38 icubed consulting
Nick Canto (44)
- Head Office
Prime Minister Scott Morrison may have a proclivity for so-called “fair dinkum power” (read: coal), but while the government plays politics with energy, businesses are getting on with it.
Enter Nick Canto, founder of fast-growing icubed consultancy, which develops software that helps design wind farms.
It’s been a pretty good few years for Canto’s business, which is riding the wind, so to speak, reaching $11.2 million in revenue in 2017-18, a 102% increase on 2015-16.
Harnessing wind is tricky business, with those pursuing wind energy projects usually looking for someone to help them iron out the design kinks — and that’s where Canto and his team of engineers come in.
They also work on solar projects, and help design bridges too, but Canto says he started the business with a pretty simple principle in mind.
“I really wanted to focus my engineering on interesting projects with people I like,” he says.
A simple, but solid mission. But down to the nuts and bolts, icubed uses in-house software to create a point of difference in its markets, and has focused on niche types of projects to gather a loyal following of customers.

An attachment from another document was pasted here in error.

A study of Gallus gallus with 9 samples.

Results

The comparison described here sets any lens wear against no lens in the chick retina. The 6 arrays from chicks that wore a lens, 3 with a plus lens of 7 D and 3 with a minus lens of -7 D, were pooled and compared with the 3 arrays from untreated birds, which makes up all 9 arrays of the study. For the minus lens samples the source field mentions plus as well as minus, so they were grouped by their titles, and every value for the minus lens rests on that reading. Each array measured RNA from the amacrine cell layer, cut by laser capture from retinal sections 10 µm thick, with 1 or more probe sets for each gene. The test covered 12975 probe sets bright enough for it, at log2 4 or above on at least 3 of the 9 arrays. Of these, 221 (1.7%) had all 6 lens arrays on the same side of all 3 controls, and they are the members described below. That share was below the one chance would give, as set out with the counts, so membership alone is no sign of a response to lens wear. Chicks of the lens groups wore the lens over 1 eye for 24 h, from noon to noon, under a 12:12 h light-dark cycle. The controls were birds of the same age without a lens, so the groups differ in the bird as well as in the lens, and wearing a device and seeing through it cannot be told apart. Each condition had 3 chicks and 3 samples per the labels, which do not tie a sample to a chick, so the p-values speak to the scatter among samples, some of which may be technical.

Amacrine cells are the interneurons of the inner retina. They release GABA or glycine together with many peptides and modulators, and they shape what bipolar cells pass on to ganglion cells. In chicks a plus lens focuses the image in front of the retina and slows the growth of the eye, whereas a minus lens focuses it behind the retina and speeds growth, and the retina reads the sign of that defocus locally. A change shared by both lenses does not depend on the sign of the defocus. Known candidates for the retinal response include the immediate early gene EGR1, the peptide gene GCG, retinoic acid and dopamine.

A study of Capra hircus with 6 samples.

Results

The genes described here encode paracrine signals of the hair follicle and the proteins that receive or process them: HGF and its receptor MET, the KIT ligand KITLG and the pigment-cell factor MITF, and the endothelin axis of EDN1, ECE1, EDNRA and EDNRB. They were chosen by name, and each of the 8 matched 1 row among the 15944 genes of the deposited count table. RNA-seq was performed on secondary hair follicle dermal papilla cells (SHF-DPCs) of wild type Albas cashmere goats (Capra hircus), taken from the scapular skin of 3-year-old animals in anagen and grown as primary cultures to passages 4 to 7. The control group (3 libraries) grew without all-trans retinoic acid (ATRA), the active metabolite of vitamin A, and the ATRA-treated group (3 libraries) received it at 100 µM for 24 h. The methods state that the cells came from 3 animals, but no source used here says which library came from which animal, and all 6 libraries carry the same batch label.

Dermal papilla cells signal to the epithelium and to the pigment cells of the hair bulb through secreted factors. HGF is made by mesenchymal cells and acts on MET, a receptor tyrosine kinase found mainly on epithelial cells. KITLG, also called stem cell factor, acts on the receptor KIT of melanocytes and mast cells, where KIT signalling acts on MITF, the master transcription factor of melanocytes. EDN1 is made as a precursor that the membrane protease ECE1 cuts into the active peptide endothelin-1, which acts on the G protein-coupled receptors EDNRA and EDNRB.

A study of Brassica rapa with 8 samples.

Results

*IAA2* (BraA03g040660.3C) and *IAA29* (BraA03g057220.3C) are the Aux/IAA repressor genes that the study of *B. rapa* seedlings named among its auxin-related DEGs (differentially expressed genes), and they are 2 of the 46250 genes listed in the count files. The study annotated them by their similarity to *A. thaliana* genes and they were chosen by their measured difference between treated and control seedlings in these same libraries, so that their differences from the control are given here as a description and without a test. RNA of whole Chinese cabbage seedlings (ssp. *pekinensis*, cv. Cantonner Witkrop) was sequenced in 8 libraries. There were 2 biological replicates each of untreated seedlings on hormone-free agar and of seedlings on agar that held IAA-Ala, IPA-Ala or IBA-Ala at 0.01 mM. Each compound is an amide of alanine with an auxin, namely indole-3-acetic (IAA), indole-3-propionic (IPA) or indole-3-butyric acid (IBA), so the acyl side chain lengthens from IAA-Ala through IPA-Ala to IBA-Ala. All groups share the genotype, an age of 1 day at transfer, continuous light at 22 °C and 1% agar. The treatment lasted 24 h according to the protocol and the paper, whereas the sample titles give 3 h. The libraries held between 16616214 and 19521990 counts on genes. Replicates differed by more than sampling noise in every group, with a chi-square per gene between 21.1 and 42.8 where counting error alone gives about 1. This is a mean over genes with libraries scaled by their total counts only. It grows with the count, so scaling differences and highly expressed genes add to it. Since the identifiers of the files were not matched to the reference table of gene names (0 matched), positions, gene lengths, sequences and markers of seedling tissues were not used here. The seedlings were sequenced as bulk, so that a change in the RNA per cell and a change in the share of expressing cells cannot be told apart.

Renewables are becoming less niche though, Canto says, with technology improving and investment pouring in.
But icubed is looking to maintain its advantage, Canto explains.
Where larger competitors are outsourcing technical offices to South-East Asia to cut down on costs, he’s investing in local talent for local clients.
“Our competitive advantage is our investment in training and technology, allowing us to produce great quality work here,” he says.
Rounding out his focus, Canto takes a rather novel approach to helping his employees grow. He actually encourages them to seek out clients and projects in areas they’re interested in, resulting in a better financial result — for everyone.